About half of dogs over the age of ten will develop cancer at some point in their lives. As in humans, cancer types seen in canines can vary, as can the severity and aggressiveness of the disease. However, in almost all cases, early detection is critical to improving outcomes.

Here we will highlight some of the most common warning signs that your dog may have cancer. If you observe any of these signs or symptoms in your animal, see your veterinarian as soon as possible. While no one sign is conclusive for the presence of cancer, your vet has the tools and technology required to make an accurate diagnosis and to create a treatment plan.

Common Cancer Warning Signs in Dogs

1. Any changing mass. Symptoms of canine cancer vary, but any observed lump should be taken seriously. A lump that grows or changes in size or shape should raise a red flag. While not all lumps are malignant, your vet will likely suggest that any growth be surgically removed and biopsied. Benign tumors such as lipomas (fatty skin growths) are common in older animals, so while an observed mass may not be cancerous, only a biopsy can refine the diagnosis. If your pet does require surgical removal and biopsy of a mass, your vet can go over the procedure with you, so you’ll know what to expect in terms of recovery and follow-up.

2. Sores that don’t heal. Another common cancer warning sign is the appearance of skin sores or wounds that are either slow to heal or do not fully heal at all, despite antibiotic treatment. Most such sores can be easily observed, though sores that occur in the mouth, gums, or throat may require more vigilance to detect. Oral tumors ort lesions are usually accompanied by other symptoms, such as foul breath, mouth tenderness, reduced interest in food, and a reluctance to eat hard foods like kibble.

3. Drastic changes in weight or appetite. While loss of appetite and chronic weight loss do not constitute the certainty of a cancer diagnosis, they are strong indicators that something is wrong and in need of assessment. Your vet can ascertain whether the weight loss is related to a cancerous growth or to some other cause and can suggest a course of treatment.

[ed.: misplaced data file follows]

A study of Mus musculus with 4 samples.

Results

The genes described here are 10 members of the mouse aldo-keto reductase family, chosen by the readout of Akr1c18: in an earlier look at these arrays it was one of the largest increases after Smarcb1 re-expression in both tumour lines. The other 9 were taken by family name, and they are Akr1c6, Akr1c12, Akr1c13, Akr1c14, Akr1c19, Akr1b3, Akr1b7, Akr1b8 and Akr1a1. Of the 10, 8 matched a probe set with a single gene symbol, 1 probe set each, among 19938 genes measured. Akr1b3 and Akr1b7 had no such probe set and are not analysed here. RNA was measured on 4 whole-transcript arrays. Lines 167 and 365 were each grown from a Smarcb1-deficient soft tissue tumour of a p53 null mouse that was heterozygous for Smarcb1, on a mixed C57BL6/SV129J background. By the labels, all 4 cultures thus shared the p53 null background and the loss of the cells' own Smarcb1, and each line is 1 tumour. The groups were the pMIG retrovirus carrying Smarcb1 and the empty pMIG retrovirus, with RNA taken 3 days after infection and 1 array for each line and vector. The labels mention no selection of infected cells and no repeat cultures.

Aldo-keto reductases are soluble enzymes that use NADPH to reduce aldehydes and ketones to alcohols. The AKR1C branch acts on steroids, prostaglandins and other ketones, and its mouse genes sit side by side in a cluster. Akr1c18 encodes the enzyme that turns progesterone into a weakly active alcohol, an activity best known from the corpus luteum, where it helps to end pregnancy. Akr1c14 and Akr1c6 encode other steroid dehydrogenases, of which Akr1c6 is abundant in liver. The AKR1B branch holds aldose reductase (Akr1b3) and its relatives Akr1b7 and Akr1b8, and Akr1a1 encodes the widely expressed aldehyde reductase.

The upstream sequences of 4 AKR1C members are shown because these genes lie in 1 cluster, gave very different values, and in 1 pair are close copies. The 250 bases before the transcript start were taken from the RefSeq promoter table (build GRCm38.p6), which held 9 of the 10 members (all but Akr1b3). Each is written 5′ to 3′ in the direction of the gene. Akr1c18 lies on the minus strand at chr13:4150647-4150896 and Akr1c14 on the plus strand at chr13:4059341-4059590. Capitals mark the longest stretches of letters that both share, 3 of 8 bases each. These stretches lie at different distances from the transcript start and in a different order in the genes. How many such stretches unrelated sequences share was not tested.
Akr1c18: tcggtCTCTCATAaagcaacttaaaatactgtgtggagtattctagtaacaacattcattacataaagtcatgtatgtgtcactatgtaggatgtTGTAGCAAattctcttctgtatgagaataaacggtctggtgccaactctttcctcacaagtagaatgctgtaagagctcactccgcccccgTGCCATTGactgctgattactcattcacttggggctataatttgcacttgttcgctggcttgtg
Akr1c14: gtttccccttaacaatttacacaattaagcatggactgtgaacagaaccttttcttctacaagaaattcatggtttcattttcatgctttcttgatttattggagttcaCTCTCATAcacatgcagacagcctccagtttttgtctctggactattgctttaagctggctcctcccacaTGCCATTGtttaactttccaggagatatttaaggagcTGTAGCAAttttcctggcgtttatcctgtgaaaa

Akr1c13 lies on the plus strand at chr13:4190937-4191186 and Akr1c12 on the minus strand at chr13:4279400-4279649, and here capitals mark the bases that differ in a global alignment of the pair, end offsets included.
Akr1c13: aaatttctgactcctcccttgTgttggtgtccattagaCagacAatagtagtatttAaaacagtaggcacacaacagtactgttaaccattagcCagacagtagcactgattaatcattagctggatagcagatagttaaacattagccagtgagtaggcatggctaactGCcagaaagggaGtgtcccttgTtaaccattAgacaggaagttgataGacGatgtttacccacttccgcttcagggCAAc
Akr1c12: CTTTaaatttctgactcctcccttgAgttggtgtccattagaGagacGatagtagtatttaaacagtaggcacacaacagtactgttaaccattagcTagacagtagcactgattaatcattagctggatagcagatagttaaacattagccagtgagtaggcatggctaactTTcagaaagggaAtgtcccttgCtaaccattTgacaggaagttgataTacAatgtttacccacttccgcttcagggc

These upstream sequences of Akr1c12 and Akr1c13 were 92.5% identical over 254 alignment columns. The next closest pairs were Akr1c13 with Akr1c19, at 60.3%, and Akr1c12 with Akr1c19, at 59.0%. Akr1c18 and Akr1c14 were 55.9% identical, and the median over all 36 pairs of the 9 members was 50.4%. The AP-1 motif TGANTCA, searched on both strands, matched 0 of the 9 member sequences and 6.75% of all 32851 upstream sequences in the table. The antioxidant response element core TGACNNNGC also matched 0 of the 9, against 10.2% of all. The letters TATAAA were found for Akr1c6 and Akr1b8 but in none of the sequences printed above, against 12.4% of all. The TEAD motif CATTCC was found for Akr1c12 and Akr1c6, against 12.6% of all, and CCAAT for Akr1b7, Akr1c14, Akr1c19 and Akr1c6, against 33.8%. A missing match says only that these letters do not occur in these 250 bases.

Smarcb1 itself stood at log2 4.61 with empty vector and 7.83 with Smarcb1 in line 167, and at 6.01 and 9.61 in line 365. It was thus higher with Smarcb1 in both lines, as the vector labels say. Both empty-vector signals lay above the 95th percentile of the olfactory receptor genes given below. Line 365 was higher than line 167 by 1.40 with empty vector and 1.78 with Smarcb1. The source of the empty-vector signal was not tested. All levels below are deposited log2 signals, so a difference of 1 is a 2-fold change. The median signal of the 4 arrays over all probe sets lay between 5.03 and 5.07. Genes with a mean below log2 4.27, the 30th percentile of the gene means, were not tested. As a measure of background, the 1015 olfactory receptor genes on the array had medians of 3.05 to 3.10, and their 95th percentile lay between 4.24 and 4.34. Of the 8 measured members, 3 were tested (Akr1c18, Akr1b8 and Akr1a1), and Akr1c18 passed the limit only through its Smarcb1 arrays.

4. Enlarged lymph nodes. The lymphatic system plays an important role in the immune responses of both people and dogs. While enlarged or swollen lymph nodes can often indicate the presence of an infection, they can also occur as a result of lymphoma—a serious blood-borne cancer that can be fatal. Your vet can palpate the lymph nodes and perform blood tests to check for the presence of lymphoma. Your vet may suggest a biopsy or cytological (cell-based) test to confirm the diagnosis.

5. Swollen abdomen. Prolonged swelling of a dog’s belly can be a troubling sign. A distended or tender abdomen can indicate the presence of edema (fluid) or internal bleeding, both of which can accompany abdominal or systemic cancers. Your vet can perform an x-ray or ultrasound to determine the cause of the swelling.

Other Signs of Cancer in Dogs

Please be aware that there are other signs of malignancy in dogs—including loss of stamina, lameness (which may indicate bone cancer), loss of appetite, persistent trouble breathing, or difficulty defecating or urinating. Again, no one sign is definitive for a cancer diagnosis, but if you observe any of these signs in your animal, see your vet as soon as possible.

Editor’s Note: In the US, Cancer is the leading disease-related cause of death for dogs. Here we discuss common cancers in dogs.

Cecily Kellogg is a pet lover who definitely has crazy cat lady leanings. Her pets are all shelter rescues, including the dog, who is scared of the cats. She spent eight years working as a Veterinary Technician before becoming a writer. Today she writes all over the web, including here at Figo.